Sharapova poses with a Sugarpova candy packet during the French launch of her candy collection on May 22 in Paris

Photograph by Richard Bord/Getty Images for Sugarpova

Sharapova poses with a Sugarpova candy packet during the French launch of her candy collection on May 22 in Paris

For a moment, Maria Sharapova fooled the world into thinking she wanted to change her last name to “Sugarpova” for the US Open, to plug her candy brand by the same name, and then change it back at the end of the tournament. It’s not happening after all, and it turns out we’re all just pawns in the tennis star’s ploy for confectionary domination.

“At the end of the day we would have to change all her identification—she has to travel to Japan and China right after the tournament, and it was going to be very difficult,” Max Eisenbud, Sharapova’s agent, told ESPN (DIS). The marketers’ Plan B: Fill a glass truck full of candy and drive it around Miami. “Maria has pushed her team to do fun, out-of-the-box-type things to get the word out about Sugarpova,” Eisenbud said.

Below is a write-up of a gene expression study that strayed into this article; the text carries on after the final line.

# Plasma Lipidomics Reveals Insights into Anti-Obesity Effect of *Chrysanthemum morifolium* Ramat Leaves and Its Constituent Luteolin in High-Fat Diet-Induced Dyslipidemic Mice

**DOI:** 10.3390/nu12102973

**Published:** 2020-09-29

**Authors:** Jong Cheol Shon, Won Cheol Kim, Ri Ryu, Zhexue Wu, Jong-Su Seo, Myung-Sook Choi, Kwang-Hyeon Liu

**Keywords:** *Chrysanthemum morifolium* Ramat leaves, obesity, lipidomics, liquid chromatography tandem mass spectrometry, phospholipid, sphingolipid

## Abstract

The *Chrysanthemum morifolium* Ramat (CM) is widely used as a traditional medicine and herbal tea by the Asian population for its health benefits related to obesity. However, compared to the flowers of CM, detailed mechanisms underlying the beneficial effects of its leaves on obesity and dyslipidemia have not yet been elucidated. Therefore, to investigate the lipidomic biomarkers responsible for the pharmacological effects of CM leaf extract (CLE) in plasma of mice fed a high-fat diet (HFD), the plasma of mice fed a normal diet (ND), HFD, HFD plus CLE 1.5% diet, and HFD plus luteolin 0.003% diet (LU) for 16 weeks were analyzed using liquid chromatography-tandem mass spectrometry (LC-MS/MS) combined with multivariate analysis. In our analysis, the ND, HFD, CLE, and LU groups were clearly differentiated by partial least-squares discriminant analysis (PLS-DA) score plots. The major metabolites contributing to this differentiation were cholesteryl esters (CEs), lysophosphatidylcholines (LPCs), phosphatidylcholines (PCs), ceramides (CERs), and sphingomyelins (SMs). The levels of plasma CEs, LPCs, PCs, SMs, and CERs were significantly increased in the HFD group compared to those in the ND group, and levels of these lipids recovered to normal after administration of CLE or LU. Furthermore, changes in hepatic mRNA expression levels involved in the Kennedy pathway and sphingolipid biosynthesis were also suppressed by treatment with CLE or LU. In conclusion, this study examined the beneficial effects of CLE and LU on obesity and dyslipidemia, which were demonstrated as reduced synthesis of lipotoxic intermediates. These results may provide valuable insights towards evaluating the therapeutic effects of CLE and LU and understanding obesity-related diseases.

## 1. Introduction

The whole thing ended up being a far-fetched publicity stunt (some say to divert attention from Sharapova’s firing of coach Jimmy Connors). Oh, the bitter disappointment of never getting a human Sugarpova—it’s like pulling a saccharine gummy right out of my mouth. Still, the scheme has worked to some extent. The number of tweets that mention the word “Sugarpova” jumped from 50 yesterday to about 9,000 on Tuesday, according to the most recent data from social analytics company

The idea that Sharapova would sell out to this extent just to hawk candy turned off some: See here and here. Others, though, were kind of looking forward to it.

Wong is an associate editor for Bloomberg Businessweek. Follow her on Twitter @venessawwong.